Ford announced Thursday a "strategic collaboration" with chip company GlobalFoundries to bolster its supply of semiconductors as the automaker grapples with a global shortage of the crucial components.
A joint press release from the companies offered few details, but said the aim was to boost chip manufacturing and technology development within the United States and enhance Ford's supply pipeline.
The two companies also will "explore expanded semiconductor manufacturing opportunities to support the automotive industry," according to the announcement.
"It's critical that we create new ways of working with suppliers to give Ford –- and America –- greater independence in delivering the technologies and features our customers will most value in the future," said the Detroit automaker's Chief Executive Jim Farley in the press release.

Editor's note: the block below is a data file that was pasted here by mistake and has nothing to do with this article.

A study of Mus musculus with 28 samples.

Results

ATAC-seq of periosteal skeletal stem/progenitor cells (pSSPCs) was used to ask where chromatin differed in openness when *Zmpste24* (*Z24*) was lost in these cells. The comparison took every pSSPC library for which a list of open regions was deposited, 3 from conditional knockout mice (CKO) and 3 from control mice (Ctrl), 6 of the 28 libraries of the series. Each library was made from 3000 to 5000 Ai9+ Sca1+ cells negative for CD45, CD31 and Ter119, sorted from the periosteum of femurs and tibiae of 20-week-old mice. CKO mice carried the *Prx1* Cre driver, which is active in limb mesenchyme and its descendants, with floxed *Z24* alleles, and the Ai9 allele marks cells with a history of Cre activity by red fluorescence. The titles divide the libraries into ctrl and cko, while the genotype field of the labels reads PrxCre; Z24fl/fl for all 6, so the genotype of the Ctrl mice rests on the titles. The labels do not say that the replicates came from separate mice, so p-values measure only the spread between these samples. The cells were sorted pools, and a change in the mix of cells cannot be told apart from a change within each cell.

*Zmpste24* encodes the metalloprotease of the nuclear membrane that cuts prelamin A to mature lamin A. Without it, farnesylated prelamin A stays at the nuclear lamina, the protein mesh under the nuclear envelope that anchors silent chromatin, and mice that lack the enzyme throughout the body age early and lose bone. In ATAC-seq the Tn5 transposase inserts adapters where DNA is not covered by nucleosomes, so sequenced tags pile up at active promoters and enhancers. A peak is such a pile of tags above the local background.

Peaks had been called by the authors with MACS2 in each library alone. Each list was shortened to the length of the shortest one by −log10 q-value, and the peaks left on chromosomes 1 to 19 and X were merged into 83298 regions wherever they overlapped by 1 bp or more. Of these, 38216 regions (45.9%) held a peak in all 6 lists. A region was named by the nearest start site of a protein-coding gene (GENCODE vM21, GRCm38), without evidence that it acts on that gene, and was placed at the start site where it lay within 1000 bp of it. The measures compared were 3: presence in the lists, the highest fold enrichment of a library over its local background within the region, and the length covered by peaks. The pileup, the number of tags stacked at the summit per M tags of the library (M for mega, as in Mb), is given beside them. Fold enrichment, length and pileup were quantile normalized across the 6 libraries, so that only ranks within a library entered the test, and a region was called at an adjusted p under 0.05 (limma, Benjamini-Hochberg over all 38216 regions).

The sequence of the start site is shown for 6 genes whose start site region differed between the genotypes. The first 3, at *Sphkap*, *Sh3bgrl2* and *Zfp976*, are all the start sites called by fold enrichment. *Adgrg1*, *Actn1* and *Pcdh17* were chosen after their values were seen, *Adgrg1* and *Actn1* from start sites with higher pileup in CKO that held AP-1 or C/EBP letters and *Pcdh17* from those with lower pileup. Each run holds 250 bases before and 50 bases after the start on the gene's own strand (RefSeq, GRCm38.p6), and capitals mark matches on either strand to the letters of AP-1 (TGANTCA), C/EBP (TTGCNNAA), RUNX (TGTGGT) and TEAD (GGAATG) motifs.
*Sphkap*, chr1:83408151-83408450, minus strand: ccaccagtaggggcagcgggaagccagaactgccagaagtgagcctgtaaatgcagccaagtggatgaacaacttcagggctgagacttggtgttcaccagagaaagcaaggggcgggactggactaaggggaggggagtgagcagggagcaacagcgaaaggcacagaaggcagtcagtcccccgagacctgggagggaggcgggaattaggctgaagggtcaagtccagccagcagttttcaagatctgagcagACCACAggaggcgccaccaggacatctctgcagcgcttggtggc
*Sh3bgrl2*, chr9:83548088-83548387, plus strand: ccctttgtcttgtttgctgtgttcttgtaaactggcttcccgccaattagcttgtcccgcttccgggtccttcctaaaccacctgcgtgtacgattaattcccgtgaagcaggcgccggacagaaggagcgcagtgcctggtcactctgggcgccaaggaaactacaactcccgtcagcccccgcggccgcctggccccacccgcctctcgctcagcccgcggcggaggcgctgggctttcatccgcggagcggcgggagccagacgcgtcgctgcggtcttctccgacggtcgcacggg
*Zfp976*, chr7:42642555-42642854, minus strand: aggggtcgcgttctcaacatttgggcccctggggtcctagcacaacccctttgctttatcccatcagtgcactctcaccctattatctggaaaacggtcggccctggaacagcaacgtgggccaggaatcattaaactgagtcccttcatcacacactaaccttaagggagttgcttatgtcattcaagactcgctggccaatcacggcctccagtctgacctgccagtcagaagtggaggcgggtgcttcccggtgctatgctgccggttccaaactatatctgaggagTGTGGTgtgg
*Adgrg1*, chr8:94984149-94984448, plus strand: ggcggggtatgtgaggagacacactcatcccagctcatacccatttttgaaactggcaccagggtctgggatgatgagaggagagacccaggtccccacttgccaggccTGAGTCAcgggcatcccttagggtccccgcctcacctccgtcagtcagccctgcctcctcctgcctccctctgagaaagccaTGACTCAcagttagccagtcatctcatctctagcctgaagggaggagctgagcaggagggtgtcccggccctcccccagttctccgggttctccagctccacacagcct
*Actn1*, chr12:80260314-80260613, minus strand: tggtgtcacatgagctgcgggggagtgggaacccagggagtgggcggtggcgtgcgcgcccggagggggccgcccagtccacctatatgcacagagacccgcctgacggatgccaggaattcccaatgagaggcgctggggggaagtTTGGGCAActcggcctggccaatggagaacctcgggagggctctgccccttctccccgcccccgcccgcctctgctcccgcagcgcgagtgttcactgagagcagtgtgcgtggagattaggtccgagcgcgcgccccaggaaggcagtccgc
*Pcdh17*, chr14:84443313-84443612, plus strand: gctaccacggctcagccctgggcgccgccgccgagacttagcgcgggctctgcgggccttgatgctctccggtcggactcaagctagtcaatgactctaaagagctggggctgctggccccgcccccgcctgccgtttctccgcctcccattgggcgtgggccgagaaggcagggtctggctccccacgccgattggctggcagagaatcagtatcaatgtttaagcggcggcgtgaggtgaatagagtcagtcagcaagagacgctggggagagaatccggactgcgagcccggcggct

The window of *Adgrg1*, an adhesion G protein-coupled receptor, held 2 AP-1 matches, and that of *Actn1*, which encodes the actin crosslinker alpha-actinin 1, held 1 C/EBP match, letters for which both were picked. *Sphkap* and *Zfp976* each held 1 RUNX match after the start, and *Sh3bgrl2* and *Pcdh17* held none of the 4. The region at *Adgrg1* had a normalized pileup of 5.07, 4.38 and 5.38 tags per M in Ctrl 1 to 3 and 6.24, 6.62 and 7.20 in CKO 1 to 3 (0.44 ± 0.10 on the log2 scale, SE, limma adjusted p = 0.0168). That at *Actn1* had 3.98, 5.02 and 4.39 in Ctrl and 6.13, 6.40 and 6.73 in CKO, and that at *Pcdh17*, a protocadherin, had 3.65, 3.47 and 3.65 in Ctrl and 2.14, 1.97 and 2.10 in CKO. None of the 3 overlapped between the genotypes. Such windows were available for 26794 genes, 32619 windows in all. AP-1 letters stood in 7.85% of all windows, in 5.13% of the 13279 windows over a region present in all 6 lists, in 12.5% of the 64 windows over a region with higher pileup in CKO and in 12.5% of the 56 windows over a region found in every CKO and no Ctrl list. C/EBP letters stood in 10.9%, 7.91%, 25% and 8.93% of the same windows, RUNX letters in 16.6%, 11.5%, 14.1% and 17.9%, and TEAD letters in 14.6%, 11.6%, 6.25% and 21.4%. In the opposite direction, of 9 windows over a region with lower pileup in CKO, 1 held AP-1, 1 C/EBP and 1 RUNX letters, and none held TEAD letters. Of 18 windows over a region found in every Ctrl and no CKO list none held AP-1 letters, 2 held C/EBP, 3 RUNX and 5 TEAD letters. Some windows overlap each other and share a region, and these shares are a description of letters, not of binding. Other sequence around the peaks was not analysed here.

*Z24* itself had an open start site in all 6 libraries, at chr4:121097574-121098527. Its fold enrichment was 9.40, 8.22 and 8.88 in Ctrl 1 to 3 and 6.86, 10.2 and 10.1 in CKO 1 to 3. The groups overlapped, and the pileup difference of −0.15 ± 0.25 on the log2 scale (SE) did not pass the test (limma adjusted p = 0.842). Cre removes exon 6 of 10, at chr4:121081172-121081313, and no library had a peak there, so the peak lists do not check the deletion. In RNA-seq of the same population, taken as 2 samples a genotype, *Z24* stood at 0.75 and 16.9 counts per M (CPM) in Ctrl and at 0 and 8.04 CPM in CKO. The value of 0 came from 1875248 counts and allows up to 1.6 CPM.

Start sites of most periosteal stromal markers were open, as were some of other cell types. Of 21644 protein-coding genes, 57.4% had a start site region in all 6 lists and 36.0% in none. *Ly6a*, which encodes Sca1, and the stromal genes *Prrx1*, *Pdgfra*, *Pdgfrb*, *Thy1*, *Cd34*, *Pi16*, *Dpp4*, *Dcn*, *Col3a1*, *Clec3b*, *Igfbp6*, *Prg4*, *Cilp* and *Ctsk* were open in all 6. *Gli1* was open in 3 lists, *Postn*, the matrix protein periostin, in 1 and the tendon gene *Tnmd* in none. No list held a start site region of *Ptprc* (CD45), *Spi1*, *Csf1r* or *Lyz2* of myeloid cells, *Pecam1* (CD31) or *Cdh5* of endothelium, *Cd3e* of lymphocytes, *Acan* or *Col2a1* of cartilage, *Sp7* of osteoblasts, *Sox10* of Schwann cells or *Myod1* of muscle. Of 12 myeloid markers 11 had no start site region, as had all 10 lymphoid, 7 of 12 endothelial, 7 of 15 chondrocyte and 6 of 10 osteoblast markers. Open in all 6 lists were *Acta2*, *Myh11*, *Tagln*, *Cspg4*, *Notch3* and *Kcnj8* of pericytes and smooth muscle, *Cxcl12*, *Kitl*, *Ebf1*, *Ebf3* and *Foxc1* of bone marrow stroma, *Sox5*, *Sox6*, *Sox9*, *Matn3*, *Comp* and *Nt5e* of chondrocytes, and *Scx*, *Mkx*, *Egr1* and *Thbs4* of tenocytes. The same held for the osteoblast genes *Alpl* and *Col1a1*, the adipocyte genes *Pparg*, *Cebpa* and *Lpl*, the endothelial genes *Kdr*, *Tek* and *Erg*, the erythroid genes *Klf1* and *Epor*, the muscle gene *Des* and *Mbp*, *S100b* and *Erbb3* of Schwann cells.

"This agreement is just the beginning, and a key part of our plan to vertically integrate key technologies and capabilities that will differentiate Ford far into the future."
Like other car companies, Ford has been forced to curtail production at some plants this year due to the worldwide shortage of semiconductors, which has complicated production in other sectors.
The problem is compelling a rethink of supply chains throughout American industry, with more companies bringing production assets in-house or diversifying their list of suppliers, and also picking US contractors or companies closer to the United States.
Originally founded in 2009 as joint venture between Mubdala Investment Co., an Abu Dhabi sovereign wealth fund, and chip company AMD, GlobalFoundries went public earlier this month on the Nasdaq.
Global Foundries has three manufacturing plants in the United States, one in Singapore and one in Germany.
Shares of GlobalFoundries jumped 6.8 percent to $66.95 in early trading, while Ford rose 1.9 percent to $20.23.